Sydney S. Gross
Director of Communications
Tony Award-winning playwright Terrence McNally CC ’60, one of the American theater’s most acclaimed writers, will deliver the keynote address at the 2013 Columbia College Class Day ceremony. The annual event, which honors graduating seniors, will take place on Tuesday, May 21, 2013, on the South Lawn of Columbia’s Morningside Heights campus.
McNally is the winner of four Tony Awards for his plays Love! Valour! Compassion! (1994) and Master Class (1995) and for his books for the musicals Ragtime (1998) and Kiss of the Spiderwoman (1993), and an Emmy Award for his teleplay Andre’s Mother (1990). He received a citation from the American Academy of Arts and Letters, was inducted into the American Theatre Hall of Fame in 1992 and was awarded the Dramatists Guild Lifetime Achievement Award in 2011.
“Terrence McNally is one of America’s most important playwrights and he started his theatrical career writing for the Columbia Varsity Show,” said James J. Valentini, dean of Columbia College and vice president for undergraduate education. “We are honored that he has accepted our invitation to return to campus to speak to the graduating class of 2013 and I am really looking forward to hearing such a talented, creative and accomplished alumnus speak.”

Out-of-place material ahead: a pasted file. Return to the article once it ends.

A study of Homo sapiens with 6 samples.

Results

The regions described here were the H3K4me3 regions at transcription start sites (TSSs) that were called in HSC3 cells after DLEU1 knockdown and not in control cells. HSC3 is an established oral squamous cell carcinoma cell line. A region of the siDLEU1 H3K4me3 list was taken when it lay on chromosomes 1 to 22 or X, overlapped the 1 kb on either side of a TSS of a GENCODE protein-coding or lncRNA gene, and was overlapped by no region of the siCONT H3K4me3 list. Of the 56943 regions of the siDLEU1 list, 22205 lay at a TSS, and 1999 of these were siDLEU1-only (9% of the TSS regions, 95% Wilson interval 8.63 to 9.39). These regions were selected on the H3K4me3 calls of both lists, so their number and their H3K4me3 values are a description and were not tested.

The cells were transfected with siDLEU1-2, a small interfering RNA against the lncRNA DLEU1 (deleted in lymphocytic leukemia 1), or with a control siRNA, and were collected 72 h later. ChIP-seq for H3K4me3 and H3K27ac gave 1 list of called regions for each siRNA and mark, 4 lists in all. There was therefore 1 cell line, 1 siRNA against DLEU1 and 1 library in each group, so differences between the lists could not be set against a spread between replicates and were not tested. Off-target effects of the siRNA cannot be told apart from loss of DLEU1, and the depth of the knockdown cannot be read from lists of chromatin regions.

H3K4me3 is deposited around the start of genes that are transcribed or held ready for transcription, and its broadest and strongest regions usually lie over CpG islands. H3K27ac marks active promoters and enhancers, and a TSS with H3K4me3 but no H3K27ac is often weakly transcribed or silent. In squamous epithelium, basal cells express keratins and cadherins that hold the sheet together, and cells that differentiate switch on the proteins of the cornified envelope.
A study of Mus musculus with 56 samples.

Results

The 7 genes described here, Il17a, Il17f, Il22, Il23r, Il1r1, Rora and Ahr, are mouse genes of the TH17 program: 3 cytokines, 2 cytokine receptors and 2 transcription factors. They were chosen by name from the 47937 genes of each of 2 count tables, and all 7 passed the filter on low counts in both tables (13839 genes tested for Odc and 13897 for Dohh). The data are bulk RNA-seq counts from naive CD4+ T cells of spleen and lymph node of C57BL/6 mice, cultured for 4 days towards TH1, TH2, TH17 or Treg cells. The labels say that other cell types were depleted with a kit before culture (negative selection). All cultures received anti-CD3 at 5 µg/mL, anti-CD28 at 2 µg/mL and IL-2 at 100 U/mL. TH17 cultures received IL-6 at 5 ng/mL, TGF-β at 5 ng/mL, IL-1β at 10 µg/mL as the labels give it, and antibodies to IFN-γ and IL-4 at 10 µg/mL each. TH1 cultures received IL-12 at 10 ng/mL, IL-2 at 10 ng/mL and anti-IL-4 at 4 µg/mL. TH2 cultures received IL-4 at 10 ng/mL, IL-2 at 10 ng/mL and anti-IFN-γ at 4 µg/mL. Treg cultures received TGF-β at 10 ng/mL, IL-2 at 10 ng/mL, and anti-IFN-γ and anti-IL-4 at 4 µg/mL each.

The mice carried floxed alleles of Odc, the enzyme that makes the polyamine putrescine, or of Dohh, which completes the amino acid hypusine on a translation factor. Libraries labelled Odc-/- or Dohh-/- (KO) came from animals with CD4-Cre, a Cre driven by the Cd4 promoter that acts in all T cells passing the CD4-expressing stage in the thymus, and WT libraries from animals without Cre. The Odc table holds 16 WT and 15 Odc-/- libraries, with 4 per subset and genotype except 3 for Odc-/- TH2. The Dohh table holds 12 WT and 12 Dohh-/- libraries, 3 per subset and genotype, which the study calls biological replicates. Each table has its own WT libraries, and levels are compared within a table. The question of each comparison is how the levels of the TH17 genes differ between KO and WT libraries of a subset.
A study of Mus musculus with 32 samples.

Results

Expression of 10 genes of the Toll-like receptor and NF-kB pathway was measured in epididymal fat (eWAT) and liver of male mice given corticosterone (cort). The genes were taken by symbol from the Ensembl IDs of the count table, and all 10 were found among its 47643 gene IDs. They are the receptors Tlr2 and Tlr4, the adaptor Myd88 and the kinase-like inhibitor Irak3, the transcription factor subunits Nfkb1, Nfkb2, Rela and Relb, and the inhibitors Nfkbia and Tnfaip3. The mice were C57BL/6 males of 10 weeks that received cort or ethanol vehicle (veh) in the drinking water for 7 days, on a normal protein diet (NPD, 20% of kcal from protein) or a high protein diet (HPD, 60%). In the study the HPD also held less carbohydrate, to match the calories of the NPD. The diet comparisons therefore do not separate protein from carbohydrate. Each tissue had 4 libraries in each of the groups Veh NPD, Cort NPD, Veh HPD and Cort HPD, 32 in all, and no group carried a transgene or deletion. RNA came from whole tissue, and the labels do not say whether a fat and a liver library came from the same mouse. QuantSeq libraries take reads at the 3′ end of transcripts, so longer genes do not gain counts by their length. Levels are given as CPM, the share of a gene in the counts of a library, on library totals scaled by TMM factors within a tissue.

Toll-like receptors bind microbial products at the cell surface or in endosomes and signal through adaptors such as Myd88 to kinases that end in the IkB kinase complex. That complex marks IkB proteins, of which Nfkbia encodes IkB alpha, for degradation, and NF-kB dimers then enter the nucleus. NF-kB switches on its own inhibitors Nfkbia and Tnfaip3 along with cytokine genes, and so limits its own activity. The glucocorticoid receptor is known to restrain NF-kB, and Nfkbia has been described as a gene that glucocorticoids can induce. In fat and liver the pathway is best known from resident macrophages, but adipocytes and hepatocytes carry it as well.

McNally’s plays include Frankie and Johnny in the Clair de Lune (1987), Lips Together, Teeth Apart (1991), The Lisbon Traviata (1989), Corpus Christi (1997), The Ritz (1975), Some Men (2006), A Perfect Ganesh (1993), It’s Only a Play (1986), Bad Habits (1974), The Stendhal Syndrome (2004), Dedication or the Stuff of Dreams (2004), Deuce (2007) and Unusual Acts of Devotion (2008), and he has written the books for the musicals The Full Monty (2000), A Man of No Importance (2002), and The Visit (2001), amongst many others. He also wrote the libretto for the opera Dead Man Walking (2000). This season, his play Golden Age (2012) opened at the Manhattan Theatre Club. The Pearl Theatre will premiere his new play And Away We Go (2012) in the early fall. In 2010, the John F. Kennedy Center for the Performing Arts presented Nights at the Opera, a three-play festival of his work.
McNally was born November 3, 1938 in St. Petersburg, Fla., and raised in Corpus Christi, Texas. He moved to New York in 1956 to attend Columbia College, where he majored in English and wrote the 66th Varsity Show, “A Little Bit Different,” during his senior year. He graduated cum laude and was inducted into Phi Beta Kappa. He later worked briefly for Columbia College Today. He received the John Jay Award for distinguished professional achievement from the College in 1992 and the inaugural I.A.L. Diamond (CC ’41) Award for Achievement in the Arts in 2004. He lives in Greenwich Village with his husband, Thomas Kirdahy.